Nevertheless, it seems that the ice begins to melt slowly. It was started two years ago, and now people of both genders are allowed to attend cinemas, theatres and concerts in Saudi Arabia. Since 2018 a series of unexpected reforms have been implemented throughout Saudi to make the Kingdom more progressive and easy to visit for potential tourists and businessmen before Vision 2030. Also, globalisation and the social influence of other countries alleviate the strictness of dating rules there. Today, in the port city of Jeddah, where rules are less strict, it is not uncommon for passersby to see Saudi Arabia girls and young men strolling along the corniche or dating out in the open. It was almost impossible to imagine that level of freedom even a few years ago, but of course, most Arabians are still very conventional and prefer making families in a very traditional way. Arabian men value their modest and obedient women for being respectful and housewifely, and Arabian women value their men for being caring and protective.
So what customs make it possible to create traditional families in Saudi Arabia?
The decision on who to marry depends on the family
Traditionally, it’s up to the groom’s family to choose the bride. Those decisions are usually made based on social and financial status. The background is extremely important there because the Arabians appreciate their name and reputation the most. The groom’s family chooses carefully and arranges the meeting with the bride's family of the bride.
Most of the marriages are made neither with the future newlyweds’ opinions nor their acquaintance before the wedding, even though in some more religious families there is a custom of “the seeing” when a groom has an opportunity to look at the potential wife before making his final decision. His choice is mostly based on whether he likes his potential wife or not, cause that’s the only moment when a man could see an unmarried woman, who’s not his wife, without her veil. If he likes what he sees, he offers gifts to the bride. At this point the bride may accept or decline the gifts, and if both of the potential spouses like each other, their families start the marriage preparations. But that step is not compulsory in Arabian marriage customs, so mostly the newlyweds see each other for the first time at their wedding ceremony.
Arabian men value their modest and obedient women for being respectful and housewifely, and Arabian women value their men for being caring and protective.
What happens when the couple is chosen?
After both of the future spouses are chosen, their family begins the wedding preparations. The negotiations are held between the groom and his father-in-law, and the charges may include not only money but also jewels, gold, perfume and other valuable items. The Arabians from rural parts of the country may also present cows and sheep as a gift.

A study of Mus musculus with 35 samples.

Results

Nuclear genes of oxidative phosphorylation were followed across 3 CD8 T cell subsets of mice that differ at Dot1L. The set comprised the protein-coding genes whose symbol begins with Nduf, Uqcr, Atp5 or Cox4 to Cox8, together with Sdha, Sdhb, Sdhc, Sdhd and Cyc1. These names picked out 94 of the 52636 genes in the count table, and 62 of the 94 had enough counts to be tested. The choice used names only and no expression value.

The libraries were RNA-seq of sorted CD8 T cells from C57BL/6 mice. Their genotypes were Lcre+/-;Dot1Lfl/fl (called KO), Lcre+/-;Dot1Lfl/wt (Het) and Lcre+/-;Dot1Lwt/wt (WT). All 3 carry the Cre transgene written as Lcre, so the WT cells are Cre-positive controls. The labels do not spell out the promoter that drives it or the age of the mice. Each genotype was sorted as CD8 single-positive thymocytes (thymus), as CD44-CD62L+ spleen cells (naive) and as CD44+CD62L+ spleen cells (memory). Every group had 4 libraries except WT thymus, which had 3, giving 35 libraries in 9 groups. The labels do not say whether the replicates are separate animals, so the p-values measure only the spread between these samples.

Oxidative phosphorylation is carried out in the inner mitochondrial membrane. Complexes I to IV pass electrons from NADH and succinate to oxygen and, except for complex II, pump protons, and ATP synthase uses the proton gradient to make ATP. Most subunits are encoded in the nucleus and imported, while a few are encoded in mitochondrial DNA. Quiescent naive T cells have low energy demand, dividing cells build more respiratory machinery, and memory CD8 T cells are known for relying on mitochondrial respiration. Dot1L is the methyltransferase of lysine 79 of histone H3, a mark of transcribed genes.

The bride usually has some ceremonies which are usually held exactly three days before the wedding. One of them is called Burma, where the bride’s friends apply henna patterns on her skin. After that, she is usually rubbed with traditional oils and perfumes all over her body because of the old customs of the Muslim countries. Some of those traditions tend to fade because of the modern changes in society, so men often don’t attend those ceremonies, but they are allowed to take wedding photos before the marriage as the newlyweds in other countries do.
The wedding itself may look very unusual for non-Muslim people: there are two separate ceremonies for the men and women because the Muslim traditions don’t allow them to celebrate together. So the future spouses are asked whether they agree to the marriage in different places and without the presence of each other. After the agreement, the groom joins hands with the father-in-law and two more witnesses, who usually consist of one more man and one woman or two men.The traditional dressing is also a very important part of the ceremony, and even though society changes, and now men can be seen in modern official suits as well, the groom usually wears a traditional white Saudi dress. The bride usually wears a traditional dress too, but the colour of the dressing may vary and it mostly depends on the bride’s taste.
The ceremony may last for two days and a number of different dishes can impress almost everyone. The women's party is traditionally much larger than the men's party, which usually have just a small party to dine together and perform a traditional dance together.
As we may see, the traditional Saudi wedding ceremony differs from the wedding traditions of other countries a lot. That approach of making families guarantees newly made couples to be financially stable and also creates strong bonds between the relatives of the newlyweds. Partners learn to respect and love each other and after a while become truly mutually connected.